Christina earned a bachelor’s degree in psychology from Suffolk University in 2013. After graduation, she began her research career as a clinical research coordinator at Massachusetts General Hospital working to understand the relationships between brain anatomy, physiology, and behavior in humans across the lifespan and in those with Frontotemporal Dementia (FTD), atypical Alzheimer’s Disease, and related neurodegenerative disorders. Christina moved to Seattle, WA in 2016 to continue working on clinical research studies to support the development of new therapies and diagnostic tools, as well as the discovery of new genes, risk factors, and markers of disease and disease progression that would lead to a deeper scientific understanding of FTD.
In 2019, Christina began her Master of Public Health degree at the University of Washington in response to a growing interest in the relationship between systems of oppression and population health. During her time as a graduate student, Christina worked with the King County Behavioral Health and Recovery Division to assess rural behavioral health needs and later led a process to articulate an initial set of activities and goals to assure that initiatives funded by the countywide behavioral health sales tax are grounded in equity.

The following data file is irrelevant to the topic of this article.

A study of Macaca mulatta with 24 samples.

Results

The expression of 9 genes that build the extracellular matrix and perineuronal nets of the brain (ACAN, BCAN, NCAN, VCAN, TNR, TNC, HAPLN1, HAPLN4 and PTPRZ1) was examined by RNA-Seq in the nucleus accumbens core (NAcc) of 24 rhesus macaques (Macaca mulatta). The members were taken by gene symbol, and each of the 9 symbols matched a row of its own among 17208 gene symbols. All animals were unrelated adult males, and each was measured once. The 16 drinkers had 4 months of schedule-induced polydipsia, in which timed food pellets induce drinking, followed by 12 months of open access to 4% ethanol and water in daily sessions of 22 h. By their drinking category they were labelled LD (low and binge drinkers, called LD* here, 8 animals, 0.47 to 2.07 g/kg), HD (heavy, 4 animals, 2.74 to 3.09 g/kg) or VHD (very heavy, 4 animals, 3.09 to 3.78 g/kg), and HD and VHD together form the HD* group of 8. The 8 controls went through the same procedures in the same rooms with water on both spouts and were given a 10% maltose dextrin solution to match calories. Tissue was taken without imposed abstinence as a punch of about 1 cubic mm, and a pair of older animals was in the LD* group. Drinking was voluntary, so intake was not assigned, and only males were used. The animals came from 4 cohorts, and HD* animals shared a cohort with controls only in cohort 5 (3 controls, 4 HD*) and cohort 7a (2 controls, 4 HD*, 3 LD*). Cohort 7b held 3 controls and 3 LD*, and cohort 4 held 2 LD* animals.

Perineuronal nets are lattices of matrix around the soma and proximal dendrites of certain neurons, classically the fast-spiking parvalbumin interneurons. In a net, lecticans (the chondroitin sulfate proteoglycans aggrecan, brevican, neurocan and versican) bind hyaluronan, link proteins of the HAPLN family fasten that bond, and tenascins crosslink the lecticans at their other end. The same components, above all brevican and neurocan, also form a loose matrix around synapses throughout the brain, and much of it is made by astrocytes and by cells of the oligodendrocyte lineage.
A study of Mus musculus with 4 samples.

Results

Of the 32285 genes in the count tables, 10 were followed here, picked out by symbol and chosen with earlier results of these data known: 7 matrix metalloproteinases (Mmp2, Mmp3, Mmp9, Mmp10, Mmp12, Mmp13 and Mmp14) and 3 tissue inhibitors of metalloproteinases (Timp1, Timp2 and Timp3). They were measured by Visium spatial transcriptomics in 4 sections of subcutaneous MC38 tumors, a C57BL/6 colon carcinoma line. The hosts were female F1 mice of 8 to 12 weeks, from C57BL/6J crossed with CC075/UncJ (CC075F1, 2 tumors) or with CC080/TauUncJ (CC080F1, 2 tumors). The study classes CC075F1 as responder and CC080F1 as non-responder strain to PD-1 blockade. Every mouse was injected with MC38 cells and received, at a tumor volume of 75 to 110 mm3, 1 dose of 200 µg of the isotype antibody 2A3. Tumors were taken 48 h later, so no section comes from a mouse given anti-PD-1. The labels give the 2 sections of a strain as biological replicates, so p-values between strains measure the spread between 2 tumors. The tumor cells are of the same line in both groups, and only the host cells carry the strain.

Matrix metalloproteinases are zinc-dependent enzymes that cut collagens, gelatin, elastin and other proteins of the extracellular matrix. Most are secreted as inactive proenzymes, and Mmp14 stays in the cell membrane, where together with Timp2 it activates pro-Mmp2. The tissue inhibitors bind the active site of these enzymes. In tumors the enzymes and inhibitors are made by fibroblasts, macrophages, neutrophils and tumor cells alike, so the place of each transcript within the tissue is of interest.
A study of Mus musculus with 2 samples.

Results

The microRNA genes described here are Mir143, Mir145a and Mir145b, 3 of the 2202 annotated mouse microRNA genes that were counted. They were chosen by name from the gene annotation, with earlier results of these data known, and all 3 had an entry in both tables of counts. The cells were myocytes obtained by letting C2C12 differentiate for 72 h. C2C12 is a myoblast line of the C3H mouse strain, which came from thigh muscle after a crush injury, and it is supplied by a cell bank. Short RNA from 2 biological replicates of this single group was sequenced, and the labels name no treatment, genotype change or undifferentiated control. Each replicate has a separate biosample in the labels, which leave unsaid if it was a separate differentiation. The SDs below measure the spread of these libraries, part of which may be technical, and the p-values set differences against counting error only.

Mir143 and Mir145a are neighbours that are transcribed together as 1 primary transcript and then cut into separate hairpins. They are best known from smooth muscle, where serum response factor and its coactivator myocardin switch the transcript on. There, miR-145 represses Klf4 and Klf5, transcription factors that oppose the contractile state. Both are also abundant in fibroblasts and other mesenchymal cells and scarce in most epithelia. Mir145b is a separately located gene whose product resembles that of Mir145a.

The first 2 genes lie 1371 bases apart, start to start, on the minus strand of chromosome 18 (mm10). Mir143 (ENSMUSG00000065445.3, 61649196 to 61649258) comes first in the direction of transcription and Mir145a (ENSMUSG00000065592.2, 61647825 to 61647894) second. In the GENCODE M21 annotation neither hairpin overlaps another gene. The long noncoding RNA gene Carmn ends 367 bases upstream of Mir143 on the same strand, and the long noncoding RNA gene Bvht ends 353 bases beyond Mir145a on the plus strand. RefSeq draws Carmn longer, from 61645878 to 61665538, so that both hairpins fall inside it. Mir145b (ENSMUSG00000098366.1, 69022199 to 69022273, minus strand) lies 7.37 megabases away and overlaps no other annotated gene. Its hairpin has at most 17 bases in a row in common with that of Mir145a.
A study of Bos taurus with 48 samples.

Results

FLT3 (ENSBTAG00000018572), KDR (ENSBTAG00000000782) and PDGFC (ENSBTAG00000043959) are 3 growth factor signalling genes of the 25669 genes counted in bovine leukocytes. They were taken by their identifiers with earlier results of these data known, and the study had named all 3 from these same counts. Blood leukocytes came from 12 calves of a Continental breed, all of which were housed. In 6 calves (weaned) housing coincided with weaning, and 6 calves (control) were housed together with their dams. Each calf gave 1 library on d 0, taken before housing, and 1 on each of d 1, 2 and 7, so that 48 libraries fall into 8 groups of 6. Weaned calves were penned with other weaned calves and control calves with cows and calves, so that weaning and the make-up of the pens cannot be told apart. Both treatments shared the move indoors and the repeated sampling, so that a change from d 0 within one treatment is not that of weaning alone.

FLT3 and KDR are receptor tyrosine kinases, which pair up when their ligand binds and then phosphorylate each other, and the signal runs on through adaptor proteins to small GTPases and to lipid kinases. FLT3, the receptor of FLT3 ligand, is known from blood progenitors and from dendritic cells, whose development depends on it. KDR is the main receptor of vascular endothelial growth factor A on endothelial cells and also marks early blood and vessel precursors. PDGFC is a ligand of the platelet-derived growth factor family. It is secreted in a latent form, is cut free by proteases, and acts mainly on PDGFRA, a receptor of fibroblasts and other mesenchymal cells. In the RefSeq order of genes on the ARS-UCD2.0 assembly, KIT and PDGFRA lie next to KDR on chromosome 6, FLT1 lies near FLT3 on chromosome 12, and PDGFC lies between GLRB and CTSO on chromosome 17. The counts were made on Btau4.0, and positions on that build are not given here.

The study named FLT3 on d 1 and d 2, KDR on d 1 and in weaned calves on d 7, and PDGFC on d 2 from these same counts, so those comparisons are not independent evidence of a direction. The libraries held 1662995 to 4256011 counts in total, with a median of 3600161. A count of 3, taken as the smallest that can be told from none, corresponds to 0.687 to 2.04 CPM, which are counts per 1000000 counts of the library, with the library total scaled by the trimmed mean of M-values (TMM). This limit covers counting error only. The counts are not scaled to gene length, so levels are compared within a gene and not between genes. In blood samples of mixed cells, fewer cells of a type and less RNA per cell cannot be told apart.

Christina is passionate about reframing social and cultural narratives about psychological health and healing and is excited to join MAPS PBC as a Safety Associate. She is looking forward to using her clinical research experience to support MPBC’s safe and ethnical approach towards psychedelic drug development.
Christina loves connecting with people authentically and is an avid reader, public health enthusiast, lifelong learner, and fan of all things self-improvement.